Tea drinkers descended on Inviting the Mountains Terrace to gaze at the San Gabriel peaks in the distance. Children romped across the arched Jade Ribbon Bridge. Men in cowboy hats and women in colorful silk jackets strolled along the Corridor of Water and Clouds, pausing to marvel at scholars' rocks and moon gates.
After a week of invitation- and members-only events, the Garden of Flowering Fragrance opened to the public Saturday at the Huntington Library, Art Collections and Botanical Gardens in San Marino. Thousands of rapt admirers, who paid as much as $20 for the privilege, turned out for their first look at an attraction two decades in the making.
"We came to be a part of this Chinese garden's beautiful opening," said Cathy Lewis-Dougherty, a Studio City woman who traveled to China to adopt daughters Caitlin, 6, and Sarah, 4. "It looks like China," she added approvingly.
Visitors began lining up for tickets before the 10:30 a.m. opening and spilled on to the grounds under an intermittently sunny sky. Although some waited near the entrance to watch a traditional Chinese New Year lion dance, most began streaming toward the garden, passing under red Chinese lanterns swinging from tree branches.
The main entrance to the garden lay at the end of a wall with a curved top meant to invoke a dragon's spine. Beyond the opening, visitors were greeted with a sign reading "Another World Lies Beyond." That world -- filled with more than 70 plant types, including native California live oaks and native Chinese weeping willows and camellias -- is modeled after the elegant gardens of Suzhou, an ancient city in China's Jiangsu province, near Shanghai.
Curator June Li worked with a team of advisors and designers to ensure authenticity. The structures' brown-painted wood, black roof tiles, white walls and poetic couplets reflect the style of classical gardens from the 16th and 17th century Ming dynasty. Liu Fang Yuan, the garden's Chinese name, seeks to connect the garden to China's scholarly traditions. Li has said visitors will be "stepping into a painting complete with poetic inscriptions."
The garden's $18.3-million initial phase covers about 3.5 acres of a planned 12-acre site. It features a 1.5-acre lake, seven pavilions, a teahouse and tea shop, a canyon waterfall and five hand-carved stone bridges. At one end of the largest bridge, a cormorant has stationed itself near a camellia tree at the Isle of Alighting Geese, from where it can closely observe the koi swimming in the Lake of Reflected Fragrance.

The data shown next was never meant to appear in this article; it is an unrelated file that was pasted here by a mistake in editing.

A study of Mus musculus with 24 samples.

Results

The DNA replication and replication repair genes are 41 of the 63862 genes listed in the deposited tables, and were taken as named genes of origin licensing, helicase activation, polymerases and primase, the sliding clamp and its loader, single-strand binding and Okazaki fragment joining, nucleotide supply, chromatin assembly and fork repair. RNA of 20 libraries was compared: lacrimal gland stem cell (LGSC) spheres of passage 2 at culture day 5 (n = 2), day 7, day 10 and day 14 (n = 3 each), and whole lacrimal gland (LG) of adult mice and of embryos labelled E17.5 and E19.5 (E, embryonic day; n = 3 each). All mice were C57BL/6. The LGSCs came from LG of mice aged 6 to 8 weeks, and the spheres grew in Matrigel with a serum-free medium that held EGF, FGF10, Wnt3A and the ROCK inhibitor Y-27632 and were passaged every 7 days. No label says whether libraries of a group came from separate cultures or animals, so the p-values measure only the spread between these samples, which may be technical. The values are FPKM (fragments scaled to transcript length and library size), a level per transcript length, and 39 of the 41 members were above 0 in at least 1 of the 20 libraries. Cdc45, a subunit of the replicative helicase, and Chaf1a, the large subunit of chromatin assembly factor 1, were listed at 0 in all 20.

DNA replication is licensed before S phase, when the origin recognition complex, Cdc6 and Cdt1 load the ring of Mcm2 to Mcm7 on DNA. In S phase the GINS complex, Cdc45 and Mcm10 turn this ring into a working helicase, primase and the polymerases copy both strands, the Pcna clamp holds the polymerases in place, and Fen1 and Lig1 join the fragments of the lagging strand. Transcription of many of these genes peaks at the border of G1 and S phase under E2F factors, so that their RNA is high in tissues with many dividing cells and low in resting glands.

A $10-million bequest in 2001 from the estate of the late Peter Paanakker, a Los Angeles businessman, helped move the project beyond the pipe-dream stage. Major institutions, including the James Irvine and Annenberg foundations, also donated. But the Huntington depended on the Chinese American community's help and money to complete the vision.
Air China flew in about 50 Chinese stone workers who spent weeks carving and laying tons of stone and pebbles. Most of the materials, including 850 tons of sculptural Tai Hu limestone rocks, were shipped from China courtesy of China Ocean Shipping (Group) Co.
Throughout the day, Chinese American families spanning three or four generations could be seen beaming as they posed for photographs. Their pride was palpable.
"It's magnificent," said Nelson Chin, a chiropractor who lives in Montebello. "We have a large Chinese community, and this garden brings China to Los Angeles."
Chin was born in Los Angeles, but his mother and late father both emigrated from China. His mother, Anna, 80, pronounced the garden "so pretty and nice" and said it reminded her of her native land.
Even an afternoon shower failed to put a damper on the festivities, said Lisa Blackburn, a Huntington spokeswoman. All told, the facility welcomed about 4,000 guests.
"This is the culmination of many years of work," said Suzy Moser, the Huntington's assistant vice president for advancement. "To finally open this garden to the public is a really special celebration."